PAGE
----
SANDRA CAREY CODY: ON CHARACTERS-Part II
Recently I shared how I come up with the characters for my mysteries. But I left them as mere outlines, flat and stereotypical. If a character is to capture the reader’s imagination, the outline has to be filled in.
Characters need bodies. Are they fat or thin, short or tall? The body they live in affects who they are because it affects how other people react to them. So you have to give them the right body. Sometimes it’s helpful to drop a hint or two about how they got that body. Does your buff hero lift weights because he was the only kid in his high school gym class who couldn’t climb the rope? Was your svelte heroine a chubby wallflower in college? Is that why she nibbles at a salad and skips dessert? And, if she skips dessert, is she in a perpetual bad mood? (I would be!) A character’s body says a lot about him and, in some cases, it imposes limitations on him or presents special challenges, elements that can become part of the story and enrich a reader’s understanding of that character’s actions.
Once you get the body right, there are all those other little things that make up what we see of a human being: the clothes they wear, the kind of music they listen to. Do jet-black roots peak through that perfect shade of blonde? Do they drive a SUV? A sports car? Do they smoke? Chew gum? Because these things represent choices, they tell what kind of person the character is. And, if the writer makes good choices for his characters, they come to life for the reader.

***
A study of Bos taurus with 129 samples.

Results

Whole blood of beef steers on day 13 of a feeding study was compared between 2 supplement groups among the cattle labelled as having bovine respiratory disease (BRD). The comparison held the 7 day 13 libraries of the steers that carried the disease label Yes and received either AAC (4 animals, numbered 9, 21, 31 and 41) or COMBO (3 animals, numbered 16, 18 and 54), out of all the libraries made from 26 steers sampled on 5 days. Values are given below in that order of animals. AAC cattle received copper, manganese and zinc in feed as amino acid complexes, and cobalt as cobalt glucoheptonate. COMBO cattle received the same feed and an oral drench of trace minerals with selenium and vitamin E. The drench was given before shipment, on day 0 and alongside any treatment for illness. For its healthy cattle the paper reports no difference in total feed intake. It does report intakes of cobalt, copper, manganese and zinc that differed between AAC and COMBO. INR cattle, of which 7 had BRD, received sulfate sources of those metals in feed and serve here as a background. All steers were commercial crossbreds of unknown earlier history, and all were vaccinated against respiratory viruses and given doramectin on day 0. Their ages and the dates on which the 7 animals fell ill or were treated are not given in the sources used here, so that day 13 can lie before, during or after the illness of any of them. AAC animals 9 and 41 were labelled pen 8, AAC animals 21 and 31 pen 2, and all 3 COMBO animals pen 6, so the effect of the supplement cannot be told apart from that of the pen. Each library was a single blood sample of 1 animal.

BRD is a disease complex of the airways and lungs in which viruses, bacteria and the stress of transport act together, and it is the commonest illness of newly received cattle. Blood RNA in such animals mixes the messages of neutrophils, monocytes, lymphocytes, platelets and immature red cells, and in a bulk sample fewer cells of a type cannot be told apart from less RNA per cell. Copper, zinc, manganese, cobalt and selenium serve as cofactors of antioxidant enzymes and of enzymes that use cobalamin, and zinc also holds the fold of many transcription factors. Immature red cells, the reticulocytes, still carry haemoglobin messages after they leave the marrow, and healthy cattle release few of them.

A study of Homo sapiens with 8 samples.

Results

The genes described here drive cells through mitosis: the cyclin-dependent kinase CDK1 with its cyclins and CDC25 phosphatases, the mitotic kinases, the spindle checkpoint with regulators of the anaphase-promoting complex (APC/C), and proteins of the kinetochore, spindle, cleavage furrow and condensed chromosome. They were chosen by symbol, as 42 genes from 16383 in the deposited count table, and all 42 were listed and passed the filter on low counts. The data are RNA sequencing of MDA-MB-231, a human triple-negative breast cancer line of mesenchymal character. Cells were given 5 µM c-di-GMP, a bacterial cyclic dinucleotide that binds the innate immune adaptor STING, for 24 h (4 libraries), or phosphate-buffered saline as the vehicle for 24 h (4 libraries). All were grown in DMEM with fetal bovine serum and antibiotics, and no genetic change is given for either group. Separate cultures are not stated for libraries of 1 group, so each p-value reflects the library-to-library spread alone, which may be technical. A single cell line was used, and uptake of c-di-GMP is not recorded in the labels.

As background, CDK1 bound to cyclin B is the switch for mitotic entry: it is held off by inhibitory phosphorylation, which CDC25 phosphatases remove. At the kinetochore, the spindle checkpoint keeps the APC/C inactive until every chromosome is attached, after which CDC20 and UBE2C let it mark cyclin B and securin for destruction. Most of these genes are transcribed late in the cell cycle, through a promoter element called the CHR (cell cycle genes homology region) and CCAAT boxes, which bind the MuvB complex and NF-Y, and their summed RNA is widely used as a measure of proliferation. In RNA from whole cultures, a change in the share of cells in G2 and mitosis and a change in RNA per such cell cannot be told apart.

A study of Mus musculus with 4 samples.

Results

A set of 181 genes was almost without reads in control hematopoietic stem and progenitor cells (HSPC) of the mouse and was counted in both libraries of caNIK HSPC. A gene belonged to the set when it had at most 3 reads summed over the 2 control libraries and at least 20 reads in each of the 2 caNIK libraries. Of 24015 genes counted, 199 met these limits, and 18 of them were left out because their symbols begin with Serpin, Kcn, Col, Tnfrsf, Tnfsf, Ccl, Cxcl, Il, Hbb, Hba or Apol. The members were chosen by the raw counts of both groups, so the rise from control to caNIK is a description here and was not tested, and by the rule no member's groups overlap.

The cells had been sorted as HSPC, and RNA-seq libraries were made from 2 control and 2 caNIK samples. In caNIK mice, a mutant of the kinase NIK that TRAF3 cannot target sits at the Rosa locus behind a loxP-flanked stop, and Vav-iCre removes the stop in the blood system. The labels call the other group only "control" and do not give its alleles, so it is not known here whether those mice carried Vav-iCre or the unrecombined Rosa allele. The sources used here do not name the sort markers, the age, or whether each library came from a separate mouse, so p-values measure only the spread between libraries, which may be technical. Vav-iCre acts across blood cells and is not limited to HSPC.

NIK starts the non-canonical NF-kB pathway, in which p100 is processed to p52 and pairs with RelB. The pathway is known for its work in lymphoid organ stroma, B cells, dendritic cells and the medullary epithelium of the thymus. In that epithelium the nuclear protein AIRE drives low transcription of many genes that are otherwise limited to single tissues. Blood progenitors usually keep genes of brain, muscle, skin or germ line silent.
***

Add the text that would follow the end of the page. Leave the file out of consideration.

Every character needs a name. Obviously. Almost as obvious, it has to be the right name. When you dress a character, you tell something about him because clothes represent a personal choice. But we don’t pick our own names. You could say a character’s name tells more about his parents than himself. It says something about their background and aspirations. And, since those things (parents, background, aspirations) play a part in who all of us, both real and fictional, are, a character’s name should reflect them. And, as a purely practical matter, you don’t want the names to sound too much alike. A reader shouldn’t have to stop and figure out who’s doing what. It’s the writer’s job to make that clear.
Once you’ve done all these things, you have a named personality with a whole host of visual attributes. But is this personality a character? Not yet. Even more important are emotions, hopes and dreams, secrets and fears. Figure out these things and you have a character. Do it enough times and you have a cast for your story. Assembling my cast is the part of writing I love best; it’s where I have the most fun. It’s my little universe. I created these people and they do what I say–up to a point. In every story, there’s at least one character who refuses to let me pull the strings. He sits on my shoulder and tells me who he is and what he will–or won’t–do. And that is the most fun of all!